UKIP have won council seats right across the country in yesterday’s election. They’ve had a lot of coverage and undoubtedly many people will have voted for them as a protest against mainstream parties which are seen as detached and unable to provide solutions to the problems we face, but this is not the whole story. Whilst there are legitimate concerns with their language and policies and certainly several of their candidates have not covered themselves in glory, they are still winning votes and fulfilling a genuine role in UK democracy. 

It should be no great surprise that UKIP have gained most of their seats in unfashionable parts of rural England nor should they be thought of particularly as a protest party for their success in such areas. The anti-EU rhetoric and opposition to large scale immigration have certainly been popular but these are not the only reasons for their advancement; it’s just as likely that they have won support because they’ve filled a glaring gap in the political spectrum and energised a new group of activists. 

UKIP won sixteen seats on Lincolnshire County Council becoming the official opposition. Fourteen of these seats are in the east of the county remote from major cities and transport links. A similar pattern seems to have emerged in Norfolk. They have won in the seaside resorts, marshes and fens where seasonal work and labour intensive agri-businesses are the major employers in the local economy; in small, isolated market towns that are off the beaten track and dispersed villages of nineteenth century red brick farm houses. It’s the countryside but it’s not picturesque in the traditional sense though it’s often eerily beautiful with wide-open spaces and big skies. Services are few and far between and cuts are felt deeply. The price of petrol is a huge issue here as the car is an essential part of life and if you don’t have one you’re cut off from the world. Wind farms are springing up everywhere with little perceived benefit to the local community. Welcome to the rural fringe. 

UKIP have spoken to a large group of people who hitherto haven’t really had their own party. In Scotland and Wales these votes would be swept up by Nationalists but in peripheral English regions they’re there for the taking. These are the rural working class who have for various historic reasons such as dispersed communities and lack of unionisation, never really engaged with the Labour movement and have been too remote from Labour heartlands to have been noticed. Voters who may have previously considered the Liberal Democrats and Greens, but aren’t that right-on and environmentally concerned. Most of the people voting UKIP are socially conservative and will traditionally have given their votes to the Conservative Party yet at a time when that party seems more elitist and metropolitan than ever, the working-class “common sense” rural voter can see little to keep them loyal to a party which has only really ever been the least bad option. These are not the ruling classes. They’ve always been here and they’ve always felt the way they do yet hitherto there hasn’t been a party which really reflected their beliefs.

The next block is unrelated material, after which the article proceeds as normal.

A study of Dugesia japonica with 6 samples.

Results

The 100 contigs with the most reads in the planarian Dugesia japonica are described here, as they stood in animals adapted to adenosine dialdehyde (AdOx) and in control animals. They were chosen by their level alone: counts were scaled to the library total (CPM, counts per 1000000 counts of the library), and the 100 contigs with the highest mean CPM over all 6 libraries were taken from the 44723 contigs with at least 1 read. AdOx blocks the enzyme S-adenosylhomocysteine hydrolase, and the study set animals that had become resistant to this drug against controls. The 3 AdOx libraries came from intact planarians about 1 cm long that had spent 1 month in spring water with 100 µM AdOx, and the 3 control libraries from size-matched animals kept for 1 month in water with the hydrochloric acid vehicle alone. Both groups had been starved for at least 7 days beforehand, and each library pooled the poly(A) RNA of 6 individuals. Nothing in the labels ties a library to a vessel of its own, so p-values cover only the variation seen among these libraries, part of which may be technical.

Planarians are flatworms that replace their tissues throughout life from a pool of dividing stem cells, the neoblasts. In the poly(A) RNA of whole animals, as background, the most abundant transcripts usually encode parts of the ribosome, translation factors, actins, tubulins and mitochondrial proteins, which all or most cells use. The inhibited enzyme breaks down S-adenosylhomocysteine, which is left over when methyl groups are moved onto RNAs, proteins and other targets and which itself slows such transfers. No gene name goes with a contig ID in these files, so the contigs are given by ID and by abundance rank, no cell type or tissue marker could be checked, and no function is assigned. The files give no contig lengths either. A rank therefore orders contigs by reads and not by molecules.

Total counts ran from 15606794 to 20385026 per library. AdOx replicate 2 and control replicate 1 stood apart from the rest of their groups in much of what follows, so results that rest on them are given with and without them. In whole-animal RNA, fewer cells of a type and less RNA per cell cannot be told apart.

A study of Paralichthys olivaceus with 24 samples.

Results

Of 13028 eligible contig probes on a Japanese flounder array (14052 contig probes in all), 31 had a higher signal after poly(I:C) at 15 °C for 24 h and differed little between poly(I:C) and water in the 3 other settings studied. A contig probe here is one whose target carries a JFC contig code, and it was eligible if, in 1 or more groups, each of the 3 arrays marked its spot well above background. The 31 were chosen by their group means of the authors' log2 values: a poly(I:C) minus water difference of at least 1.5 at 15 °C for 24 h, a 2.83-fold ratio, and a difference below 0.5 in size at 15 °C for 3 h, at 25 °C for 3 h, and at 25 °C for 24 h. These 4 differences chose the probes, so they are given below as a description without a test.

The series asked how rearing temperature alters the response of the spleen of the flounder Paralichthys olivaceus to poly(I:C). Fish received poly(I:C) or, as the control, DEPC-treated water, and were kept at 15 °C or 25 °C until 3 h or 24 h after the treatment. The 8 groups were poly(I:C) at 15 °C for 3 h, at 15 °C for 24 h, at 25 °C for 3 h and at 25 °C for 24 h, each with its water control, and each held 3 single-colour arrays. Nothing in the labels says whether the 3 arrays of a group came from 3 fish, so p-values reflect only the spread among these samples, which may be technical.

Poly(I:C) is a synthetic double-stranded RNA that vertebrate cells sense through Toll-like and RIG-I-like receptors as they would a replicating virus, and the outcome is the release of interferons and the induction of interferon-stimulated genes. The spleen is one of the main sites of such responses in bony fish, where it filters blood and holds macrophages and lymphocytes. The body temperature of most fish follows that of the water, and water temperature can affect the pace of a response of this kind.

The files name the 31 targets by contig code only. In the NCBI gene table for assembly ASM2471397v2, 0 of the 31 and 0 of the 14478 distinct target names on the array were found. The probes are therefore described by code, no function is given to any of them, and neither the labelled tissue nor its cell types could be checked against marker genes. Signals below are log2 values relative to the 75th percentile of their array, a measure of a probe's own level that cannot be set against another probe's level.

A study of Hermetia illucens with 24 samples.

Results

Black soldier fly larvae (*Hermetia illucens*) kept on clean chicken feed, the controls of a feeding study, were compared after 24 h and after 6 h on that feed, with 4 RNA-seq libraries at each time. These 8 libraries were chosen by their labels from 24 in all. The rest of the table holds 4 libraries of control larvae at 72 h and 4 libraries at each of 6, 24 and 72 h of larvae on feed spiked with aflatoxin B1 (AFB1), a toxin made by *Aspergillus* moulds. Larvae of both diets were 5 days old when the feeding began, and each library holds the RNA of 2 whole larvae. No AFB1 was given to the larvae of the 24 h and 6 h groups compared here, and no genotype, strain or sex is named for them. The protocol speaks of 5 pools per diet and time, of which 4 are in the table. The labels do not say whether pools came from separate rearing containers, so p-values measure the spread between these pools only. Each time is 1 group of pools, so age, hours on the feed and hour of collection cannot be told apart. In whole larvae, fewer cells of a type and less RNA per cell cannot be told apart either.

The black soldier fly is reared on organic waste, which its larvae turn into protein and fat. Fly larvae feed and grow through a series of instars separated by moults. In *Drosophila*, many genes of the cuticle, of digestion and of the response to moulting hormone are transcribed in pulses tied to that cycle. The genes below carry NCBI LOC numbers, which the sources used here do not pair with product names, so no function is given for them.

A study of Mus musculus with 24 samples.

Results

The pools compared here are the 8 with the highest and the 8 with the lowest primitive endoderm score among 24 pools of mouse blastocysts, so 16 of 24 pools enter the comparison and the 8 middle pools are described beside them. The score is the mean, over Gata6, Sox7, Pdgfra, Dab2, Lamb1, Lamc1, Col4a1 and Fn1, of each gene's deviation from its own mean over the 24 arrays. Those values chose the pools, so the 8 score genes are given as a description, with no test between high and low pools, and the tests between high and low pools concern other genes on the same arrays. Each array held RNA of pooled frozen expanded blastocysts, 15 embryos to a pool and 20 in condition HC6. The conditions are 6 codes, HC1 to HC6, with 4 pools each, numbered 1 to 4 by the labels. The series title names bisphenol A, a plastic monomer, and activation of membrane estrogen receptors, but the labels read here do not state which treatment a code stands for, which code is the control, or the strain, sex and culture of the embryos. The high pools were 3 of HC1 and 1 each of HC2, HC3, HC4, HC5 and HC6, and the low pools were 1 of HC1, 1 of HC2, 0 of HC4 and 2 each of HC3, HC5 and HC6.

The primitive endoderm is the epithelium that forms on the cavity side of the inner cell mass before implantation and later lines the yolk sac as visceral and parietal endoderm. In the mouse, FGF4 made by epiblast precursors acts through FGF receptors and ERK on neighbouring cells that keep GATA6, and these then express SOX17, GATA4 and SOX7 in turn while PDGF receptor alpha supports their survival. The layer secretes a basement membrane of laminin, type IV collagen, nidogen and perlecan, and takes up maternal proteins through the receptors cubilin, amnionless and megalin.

If UKIP are to become a major player in British politics they, like other parties, must cultivate heartland areas and what we have seen in this election may be the first signs of an establishing powerbase. To dismiss them as clowns and fruit-cakes is unfair and will only serve to galvanise all those supporters who are glad to finally have a party to vote for with enthusiasm and who have never felt as if their concerns have been taken seriously before. Maybe the comparisons with the progress the SNP has made in Scotland in the last twenty years aren’t so far-fetched. This is a very interesting time for British political diversity and could yet enrich our democracy.